Joe McCarter, Center for Biodiversity and Conservation, American Museum of Natural History; Melanesia Program, Wildlife Conservation Society, Fiji
Eleanor J Sterling, Center for Biodiversity and Conservation, American Museum of Natural History
Stacy D Jupiter, Melanesia Program, Wildlife Conservation Society, Fiji
Georgina D Cullman, Center for Biodiversity and Conservation, American Museum of Natural History; Forestry, Horticulture, and Natural Resources, New York City Department of Parks & Recreation
Simon Albert, School of Civil Engineering, University of Queensland
Marlene Basi, West Parara, Parara Island, Western Province, Solomon Islands
Erin Betley, Center for Biodiversity and Conservation, American Museum of Natural History
David Boseto, Ecological Solutions Solomon Islands, Gizo, Solomon Islands
Evan S Bulehite, Vavanga, Kolombangara Island, Western Province, Solomon Islands
Ryan Harron, Biche, Gatokae Island, Western Province, Solomon Islands
Piokera S Holland, Ecological Solutions Solomon Islands, Gizo, Solomon Islands
Ned Horning, Center for Biodiversity and Conservation, American Museum of Natural History
Alec Hughes, Coastal Marine Management, Munda, Solomon Islands
Nixon Jino, Zaira, Vangunu Island, Western Province, Solomon Islands
Cynthia Malone, Center for Biodiversity and Conservation, American Museum of Natural History
Senoveva Mauli, Solomon Islands Community Conservation Partnership, Honiara, Solomon Islands
Bernadette Pae, West Parara, Parara Island, Western Province, Solomon Islands
Remmy Papae, Solomon Islands Community Conservation Partnership, Batuna, Solomon Islands
Ferish Rence, Vavanga, Kolombangara Island, Western Province, Solomon Islands
Oke Revo, Zaira, Vangunu Island, Western Province, Solomon Islands
Ezekiel Taqala, West Parara, Parara Island, Western Province, Solomon Islands
Miri Taqu, Munda, New Georgia, Western Province, Solomon Islands
Hara Woltz, Center for Biodiversity and Conservation, American Museum of Natural History
Christopher E Filardi, Nia Tero, Seattle, Washington, USA

DOI: http://dx.doi.org/10.5751/ES-09867-230132


To meet local and global aspirations toward sustainable resource management, we must first understand what success looks like. At global levels, well-being can be narrowly defined, which may clash with local values and cause adverse impacts. Melanesia is home to a complex mosaic of resource management systems, and finding locally appropriate indicators of success poses particular challenges. We propose that biocultural approaches can assist in developing grounded and appropriate well-being indicators. Biocultural approaches frame issues from the perspectives of place-based communities and work with resource users to develop desired outcomes. In doing so, biocultural approaches recognize links between people and the environment and seek to understand feedbacks between social and ecological components. Biocultural approaches may help to improve the fit between local aspirations and national or international actions and can also cocreate knowledge that draws on local knowledge and practice as well as western science. Here, we report on one such approach in Western Province, Solomon Islands, where rural communities are weighing a variety of trade-offs around the use of natural resources. The work encompasses four locations and seeks to define local needs and priorities, develop appropriate local indicators of success, assess indicator baselines, and catalyze appropriate action. Implementation challenges have included scaffolding between local and national levels and the diversity of the four locations. These have, however, been offset by the engaged nature of indicator creation, which assists communities in planning toward action around local definitions of well-being.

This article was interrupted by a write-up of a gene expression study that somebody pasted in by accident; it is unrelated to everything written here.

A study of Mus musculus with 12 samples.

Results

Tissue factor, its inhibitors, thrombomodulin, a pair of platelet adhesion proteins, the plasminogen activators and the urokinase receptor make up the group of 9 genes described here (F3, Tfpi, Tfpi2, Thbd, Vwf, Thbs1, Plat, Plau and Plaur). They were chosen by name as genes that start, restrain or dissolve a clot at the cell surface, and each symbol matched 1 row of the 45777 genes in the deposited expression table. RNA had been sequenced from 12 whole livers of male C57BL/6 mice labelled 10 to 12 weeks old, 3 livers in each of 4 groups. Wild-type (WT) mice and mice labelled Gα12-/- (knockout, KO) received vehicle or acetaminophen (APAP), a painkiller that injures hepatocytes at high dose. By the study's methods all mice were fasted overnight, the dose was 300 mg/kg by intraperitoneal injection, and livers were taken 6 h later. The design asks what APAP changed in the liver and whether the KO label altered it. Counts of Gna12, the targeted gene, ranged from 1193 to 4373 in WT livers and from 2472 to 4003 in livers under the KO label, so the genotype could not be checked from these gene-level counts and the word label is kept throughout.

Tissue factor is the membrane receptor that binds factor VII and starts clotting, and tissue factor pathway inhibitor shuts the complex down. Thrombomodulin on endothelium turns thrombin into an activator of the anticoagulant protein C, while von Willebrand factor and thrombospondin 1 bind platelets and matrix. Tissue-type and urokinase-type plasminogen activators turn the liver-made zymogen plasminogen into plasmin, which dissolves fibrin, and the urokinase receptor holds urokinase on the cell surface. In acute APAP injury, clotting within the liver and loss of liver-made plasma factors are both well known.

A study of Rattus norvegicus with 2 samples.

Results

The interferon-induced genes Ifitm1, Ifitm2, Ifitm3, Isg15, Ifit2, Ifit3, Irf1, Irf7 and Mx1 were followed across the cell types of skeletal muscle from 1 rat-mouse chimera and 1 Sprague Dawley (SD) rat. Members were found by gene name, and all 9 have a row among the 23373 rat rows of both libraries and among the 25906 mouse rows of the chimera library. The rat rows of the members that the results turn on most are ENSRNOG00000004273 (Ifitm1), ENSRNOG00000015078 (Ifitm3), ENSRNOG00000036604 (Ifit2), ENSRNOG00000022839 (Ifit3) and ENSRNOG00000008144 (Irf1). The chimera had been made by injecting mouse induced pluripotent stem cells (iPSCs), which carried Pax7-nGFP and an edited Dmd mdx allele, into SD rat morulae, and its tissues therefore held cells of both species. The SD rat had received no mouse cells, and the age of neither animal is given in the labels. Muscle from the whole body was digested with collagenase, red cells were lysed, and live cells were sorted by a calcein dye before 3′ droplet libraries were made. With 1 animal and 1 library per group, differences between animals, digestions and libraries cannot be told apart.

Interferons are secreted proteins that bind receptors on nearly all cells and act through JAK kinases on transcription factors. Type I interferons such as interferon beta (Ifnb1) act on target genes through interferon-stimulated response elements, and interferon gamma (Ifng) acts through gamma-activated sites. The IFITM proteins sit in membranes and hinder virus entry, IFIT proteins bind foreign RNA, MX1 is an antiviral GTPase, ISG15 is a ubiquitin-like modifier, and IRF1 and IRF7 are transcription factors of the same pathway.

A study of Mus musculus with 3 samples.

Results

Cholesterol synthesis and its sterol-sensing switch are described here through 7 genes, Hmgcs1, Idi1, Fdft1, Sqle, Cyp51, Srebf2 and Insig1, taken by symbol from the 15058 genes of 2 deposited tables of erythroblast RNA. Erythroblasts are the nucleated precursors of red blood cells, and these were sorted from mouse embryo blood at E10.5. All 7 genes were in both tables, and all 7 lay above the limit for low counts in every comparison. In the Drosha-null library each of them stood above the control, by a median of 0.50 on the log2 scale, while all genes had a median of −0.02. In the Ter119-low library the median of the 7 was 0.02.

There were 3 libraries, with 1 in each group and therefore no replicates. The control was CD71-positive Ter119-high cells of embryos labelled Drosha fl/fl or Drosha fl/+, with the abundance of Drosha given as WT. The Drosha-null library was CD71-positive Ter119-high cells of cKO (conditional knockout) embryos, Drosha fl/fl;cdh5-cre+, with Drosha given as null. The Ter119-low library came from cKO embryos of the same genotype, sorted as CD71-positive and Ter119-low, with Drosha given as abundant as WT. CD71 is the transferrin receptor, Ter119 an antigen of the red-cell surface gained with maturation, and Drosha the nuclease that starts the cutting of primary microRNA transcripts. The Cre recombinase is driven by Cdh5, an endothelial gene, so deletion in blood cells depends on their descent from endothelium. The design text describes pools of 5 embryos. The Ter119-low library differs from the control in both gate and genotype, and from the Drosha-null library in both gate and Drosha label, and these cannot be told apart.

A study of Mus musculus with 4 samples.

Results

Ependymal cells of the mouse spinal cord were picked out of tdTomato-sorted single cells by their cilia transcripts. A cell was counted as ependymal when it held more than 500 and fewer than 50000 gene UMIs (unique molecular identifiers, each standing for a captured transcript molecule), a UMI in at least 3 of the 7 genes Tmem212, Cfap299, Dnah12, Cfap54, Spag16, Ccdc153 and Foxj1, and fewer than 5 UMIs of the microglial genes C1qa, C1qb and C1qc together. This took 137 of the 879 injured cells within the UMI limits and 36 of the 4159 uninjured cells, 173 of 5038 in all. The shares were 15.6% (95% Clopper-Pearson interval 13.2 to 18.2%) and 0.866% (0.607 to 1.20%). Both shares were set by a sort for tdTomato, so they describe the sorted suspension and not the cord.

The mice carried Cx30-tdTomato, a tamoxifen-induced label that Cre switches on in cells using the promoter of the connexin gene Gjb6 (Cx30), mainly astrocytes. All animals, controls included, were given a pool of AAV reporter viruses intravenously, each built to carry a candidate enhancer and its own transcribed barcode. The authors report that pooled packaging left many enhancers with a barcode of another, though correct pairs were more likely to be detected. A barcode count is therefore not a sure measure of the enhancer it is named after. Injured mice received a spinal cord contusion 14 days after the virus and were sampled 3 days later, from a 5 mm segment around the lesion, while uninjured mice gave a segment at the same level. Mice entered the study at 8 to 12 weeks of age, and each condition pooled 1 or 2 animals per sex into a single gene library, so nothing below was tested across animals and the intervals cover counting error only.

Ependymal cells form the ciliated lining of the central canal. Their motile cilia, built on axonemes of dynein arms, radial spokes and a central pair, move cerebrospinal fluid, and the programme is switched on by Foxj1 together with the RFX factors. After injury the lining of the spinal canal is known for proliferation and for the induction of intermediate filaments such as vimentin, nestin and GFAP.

Key words

biocultural; indicators; monitoring and evaluation; resource management; Solomon Islands; Western Province

Copyright © 2018 by the author(s). Published here under license by The Resilience Alliance. This article  is under a Creative Commons Attribution-NonCommercial 4.0 International License.  You may share and adapt the work for noncommercial purposes provided the original author and source are credited, you indicate whether any changes were made, and you include a link to the license.